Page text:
Remember Julie Anne Smith? She’s the mother who once attended Beaverton Grace Bible Church in Oregon, but after she left, the other church members shunned her, seemingly at the behest of the pastor. (Strange, given that she was still a Christian.)
Turned out she wasn’t alone. So she began a blog called “Beaverton Grace Bible Church Survivors.” And she left some 1-star reviews of the church online.
In true form, Pastor Charles (Chuck) O’Neal responded by suing her for $500,000, claiming “defamation.”
… the pastor claims in the lawsuit he filed that her words, “creepy,” “cult,” “control tactics,” and “spiritual abuse,” are defamation.
The lawsuit didn’t just target Smith. Her daughter and three other commenters are also being sued.
“He can say what he wants in the church and say, don’t talk about this or don’t talk about that, or don’t talk to this person, but when you’re out in the civil world, you don’t do that anymore,” Smith said. “And he’s not my pastor anymore. He does not have that right to keep people from talking.”
The Smiths filed a special free speech motion to dismiss the lawsuit. It goes before a judge later this month.
That all took place back in May.
As of yesterday, there’s a very happy update: All charges against Julie Anne have been dismissed!
The court finds that the defendant’s internet postings on plaintiff’s website and defendant Julie [Anne] Smith’s blog site, were made in a public forum and concern an issue of public interest. The court further finds that plaintiff has not met the burden of presenting substantial evidence the defendant’s statements are defamatory.
It’s possible the church could appeal… if they want to lose even more money down the line.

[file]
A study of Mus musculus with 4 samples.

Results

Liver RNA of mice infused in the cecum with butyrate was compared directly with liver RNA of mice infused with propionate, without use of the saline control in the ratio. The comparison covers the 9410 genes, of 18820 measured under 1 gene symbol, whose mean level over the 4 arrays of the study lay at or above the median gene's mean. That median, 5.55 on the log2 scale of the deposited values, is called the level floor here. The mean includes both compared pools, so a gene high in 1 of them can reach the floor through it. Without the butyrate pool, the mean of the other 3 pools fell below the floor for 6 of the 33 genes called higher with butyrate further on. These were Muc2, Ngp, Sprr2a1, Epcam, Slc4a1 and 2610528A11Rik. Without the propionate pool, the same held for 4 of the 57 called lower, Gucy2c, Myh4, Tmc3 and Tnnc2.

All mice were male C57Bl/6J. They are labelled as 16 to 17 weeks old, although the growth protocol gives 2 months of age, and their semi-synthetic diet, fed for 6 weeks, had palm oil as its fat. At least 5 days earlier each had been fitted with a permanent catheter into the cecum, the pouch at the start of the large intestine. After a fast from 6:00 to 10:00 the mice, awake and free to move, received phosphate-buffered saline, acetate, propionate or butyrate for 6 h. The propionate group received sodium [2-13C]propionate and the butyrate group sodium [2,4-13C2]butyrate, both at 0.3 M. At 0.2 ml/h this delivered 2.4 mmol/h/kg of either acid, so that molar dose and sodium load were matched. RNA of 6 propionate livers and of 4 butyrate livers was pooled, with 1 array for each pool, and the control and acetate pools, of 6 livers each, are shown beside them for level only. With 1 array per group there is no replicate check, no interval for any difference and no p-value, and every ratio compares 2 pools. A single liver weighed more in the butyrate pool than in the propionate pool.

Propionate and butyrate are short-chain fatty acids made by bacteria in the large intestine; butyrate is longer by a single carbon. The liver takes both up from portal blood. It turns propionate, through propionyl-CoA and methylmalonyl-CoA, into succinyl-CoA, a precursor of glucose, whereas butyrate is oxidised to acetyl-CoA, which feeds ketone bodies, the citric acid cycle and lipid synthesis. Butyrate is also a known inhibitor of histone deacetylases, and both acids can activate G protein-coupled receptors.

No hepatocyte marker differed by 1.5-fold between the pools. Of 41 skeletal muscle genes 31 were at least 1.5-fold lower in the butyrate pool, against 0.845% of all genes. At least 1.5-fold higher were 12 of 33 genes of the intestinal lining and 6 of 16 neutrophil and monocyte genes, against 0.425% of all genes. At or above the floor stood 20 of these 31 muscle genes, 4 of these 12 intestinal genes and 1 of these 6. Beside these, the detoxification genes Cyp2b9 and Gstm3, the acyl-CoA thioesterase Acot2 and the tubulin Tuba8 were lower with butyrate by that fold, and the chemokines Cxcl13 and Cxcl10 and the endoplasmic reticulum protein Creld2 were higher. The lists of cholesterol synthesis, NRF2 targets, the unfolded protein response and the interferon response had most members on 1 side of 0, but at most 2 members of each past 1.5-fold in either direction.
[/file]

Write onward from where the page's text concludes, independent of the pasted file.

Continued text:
“This case was dismissed under Oregon’s anti-SLAPP law” said Linda Williams, an attorney for the defendants. “This is a powerful tool to throw out claims which cannot ever succeed because they seek to squelch speech protected by the First Amendment and Oregon Constitution.”
“SLAPP” stands for “strategic lawsuit against public participation.” That’s a lawsuit that aims to silence somebody who you disagree with by burdening them with legal woes.
“(O’Neal) has the right to govern his congregation in the manner in which he chooses, and defendant Julie Anne Smith is authorized by law to express her disagreement with his performance of those activities,” Fun wrote in the ruling dismissing the case.
“This is what America is all about,” Smith told KATU after an earlier hearing. “We need to be able to speak freely even if it’s not polite or falls on ears that really (don’t) want to hear this kind of thing.”
The Streisand Effect was in full force here.
The church’s Google Plus page — with 892 reviews — now has an overall score of 0 out of 30 (not a typo).
Meanwhile, “Pastor Chuck” has a message for anyone who visits his website:
It has been my privilege to pastor Beaverton Grace Bible Church for over twelve years. As an American patriot and a Christian pastor I staunchly support our First Amendment rights. As a husband, a father, and a pastor I stand by my right and the right of every American citizen to defend themselves, their families, their churches, their secular organizations, and their businesses from World Wide Web Internet assaults consisting of false criminal accusations and character assassination of the worst kind.
He supports the First Amendment… unless someone says something he doesn’t like. Got it.
Congratulations to Julie Anne for speaking out against an awful place and an awful pastor. Maybe some of the current churchgoers will come to their senses and get the hell out of there, too.